Oil on panel
We are grateful to Koenraad Jonckheere for confirming the attribution after inspection of the original. He dates the work to circa 1570.
The present portrait of a bearded man, arresting in its intimacy, capturing the contemplative gaze of the sitter, along with the intense naturalism with which his face is rendered, is an outstanding example of the oeuvre of the Antwerp master Adriaen Thomasz. Key. Attired in an expensive and modish ‘Burgundian black’ doublet, with his hands unsheathed from fine kidskin gloves to show fingers adorned with no less than three rings, it is likely our sitter is an as yet unidentified nobleman. Antwerp was the major economic hub of Northern Europe at this time and the Key workshop, founded by Adriaen Thomasz.’s master Willem Key (1516–1578), portrayed a very international and moneyed clientele, from Margaret of Parma, to William the Silent Prince of Orange. Thus, even the nationality of the sitter remains an open art historical question.
Long thought to be the son of Willem Key, archival research has revealed that Thomas Adriensz was only related to Willem only by marriage, Adriean Thomasz. likely added Key suffix to his name as a guarantor of quality when he took over his late master’s workshop. Following the Beeldenstorm, or iconoclasm of 1566, Antwerp was at the centre of intense religious and political turbulence, but where certainty could at least be sought in the consistently superb qualities of the output of the Key atelier. Arguably even more refined than his master, Jonckheere has spoken of the how: ‘Adriaen succeeded much more than his master to transform his observations of nature into a detailed image.’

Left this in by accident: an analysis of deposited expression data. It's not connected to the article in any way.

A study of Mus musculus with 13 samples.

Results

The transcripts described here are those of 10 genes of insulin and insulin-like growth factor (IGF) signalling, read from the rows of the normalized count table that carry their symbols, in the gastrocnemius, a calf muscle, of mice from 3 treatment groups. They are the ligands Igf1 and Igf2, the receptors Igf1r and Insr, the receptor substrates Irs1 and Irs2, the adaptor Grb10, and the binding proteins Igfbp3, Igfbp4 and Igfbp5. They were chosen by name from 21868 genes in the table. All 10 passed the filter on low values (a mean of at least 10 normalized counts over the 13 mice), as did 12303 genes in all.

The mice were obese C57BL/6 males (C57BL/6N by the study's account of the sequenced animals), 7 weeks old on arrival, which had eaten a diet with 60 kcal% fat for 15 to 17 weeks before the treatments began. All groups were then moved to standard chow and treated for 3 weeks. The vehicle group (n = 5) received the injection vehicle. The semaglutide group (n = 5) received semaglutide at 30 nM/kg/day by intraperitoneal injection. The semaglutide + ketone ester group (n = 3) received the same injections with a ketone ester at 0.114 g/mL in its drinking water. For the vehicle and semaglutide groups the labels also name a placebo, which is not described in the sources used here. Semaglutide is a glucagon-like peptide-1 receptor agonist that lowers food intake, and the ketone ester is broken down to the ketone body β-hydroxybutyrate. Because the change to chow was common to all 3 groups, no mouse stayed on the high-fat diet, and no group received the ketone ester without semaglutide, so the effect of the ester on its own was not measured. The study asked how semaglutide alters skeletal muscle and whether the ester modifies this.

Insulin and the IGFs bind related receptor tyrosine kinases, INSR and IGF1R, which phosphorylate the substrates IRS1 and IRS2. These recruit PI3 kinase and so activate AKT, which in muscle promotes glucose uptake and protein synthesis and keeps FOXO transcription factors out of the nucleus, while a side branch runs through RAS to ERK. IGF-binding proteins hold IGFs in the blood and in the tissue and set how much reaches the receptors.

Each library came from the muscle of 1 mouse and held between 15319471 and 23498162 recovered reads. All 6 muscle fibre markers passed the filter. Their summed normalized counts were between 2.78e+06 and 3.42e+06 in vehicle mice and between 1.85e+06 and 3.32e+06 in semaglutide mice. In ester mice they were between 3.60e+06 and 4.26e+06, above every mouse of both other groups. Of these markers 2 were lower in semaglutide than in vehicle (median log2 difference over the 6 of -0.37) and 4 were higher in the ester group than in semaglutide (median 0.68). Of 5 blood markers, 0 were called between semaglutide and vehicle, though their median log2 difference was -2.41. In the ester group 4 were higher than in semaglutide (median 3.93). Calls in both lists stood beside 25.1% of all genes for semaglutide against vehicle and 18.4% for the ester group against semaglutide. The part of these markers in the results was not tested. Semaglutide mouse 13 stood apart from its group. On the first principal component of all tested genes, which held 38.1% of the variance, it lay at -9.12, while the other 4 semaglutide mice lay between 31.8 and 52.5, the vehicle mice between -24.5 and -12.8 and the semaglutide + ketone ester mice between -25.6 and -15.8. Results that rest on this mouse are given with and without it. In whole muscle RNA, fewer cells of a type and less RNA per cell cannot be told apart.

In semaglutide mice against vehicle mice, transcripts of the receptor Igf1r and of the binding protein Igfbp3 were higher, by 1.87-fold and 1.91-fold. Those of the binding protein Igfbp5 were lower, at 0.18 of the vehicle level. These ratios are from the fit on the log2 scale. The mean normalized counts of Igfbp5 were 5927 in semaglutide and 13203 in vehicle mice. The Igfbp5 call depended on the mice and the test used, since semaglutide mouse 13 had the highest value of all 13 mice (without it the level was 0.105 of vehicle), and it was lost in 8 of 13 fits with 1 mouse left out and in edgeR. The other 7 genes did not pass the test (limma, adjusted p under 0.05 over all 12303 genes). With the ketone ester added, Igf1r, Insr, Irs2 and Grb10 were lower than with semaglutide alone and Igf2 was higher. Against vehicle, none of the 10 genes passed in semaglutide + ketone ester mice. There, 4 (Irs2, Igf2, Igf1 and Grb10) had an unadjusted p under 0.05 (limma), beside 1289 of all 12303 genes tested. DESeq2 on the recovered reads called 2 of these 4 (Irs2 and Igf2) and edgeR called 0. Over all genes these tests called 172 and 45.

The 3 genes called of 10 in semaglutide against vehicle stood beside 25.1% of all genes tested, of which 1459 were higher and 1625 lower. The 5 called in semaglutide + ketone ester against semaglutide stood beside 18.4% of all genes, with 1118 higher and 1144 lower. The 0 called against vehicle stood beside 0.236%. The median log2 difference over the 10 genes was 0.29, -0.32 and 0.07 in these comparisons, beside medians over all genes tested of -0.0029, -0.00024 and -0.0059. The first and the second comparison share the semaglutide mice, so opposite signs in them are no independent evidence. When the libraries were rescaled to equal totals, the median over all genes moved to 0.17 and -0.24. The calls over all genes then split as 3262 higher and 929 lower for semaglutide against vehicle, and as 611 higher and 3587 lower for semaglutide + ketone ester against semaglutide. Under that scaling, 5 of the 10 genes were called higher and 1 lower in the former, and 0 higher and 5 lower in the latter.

Technical analysis by Gianluca Poldi:
The underdrawing of the head is almost completely invisible in the IR images, while some signs of a free, rather large black underdrawing is visible in the hands, particularly near the wrists: the painter probably used another type of drawing technique and material to define and detail the sitter’s face, a material largely transparent to IR radiation like iron-gall ink.
Pigments include ochres and a Kassel-type brown earth, lead white, black pigment and vermillion, quite finely grinded, added to black and brown hues. A red lake is also present, in the flesh tones, mixed with vermillion and lead white.
Delevery information :
After reception of payment we can box and ship our items all over the world. Estimates of this service can be provided.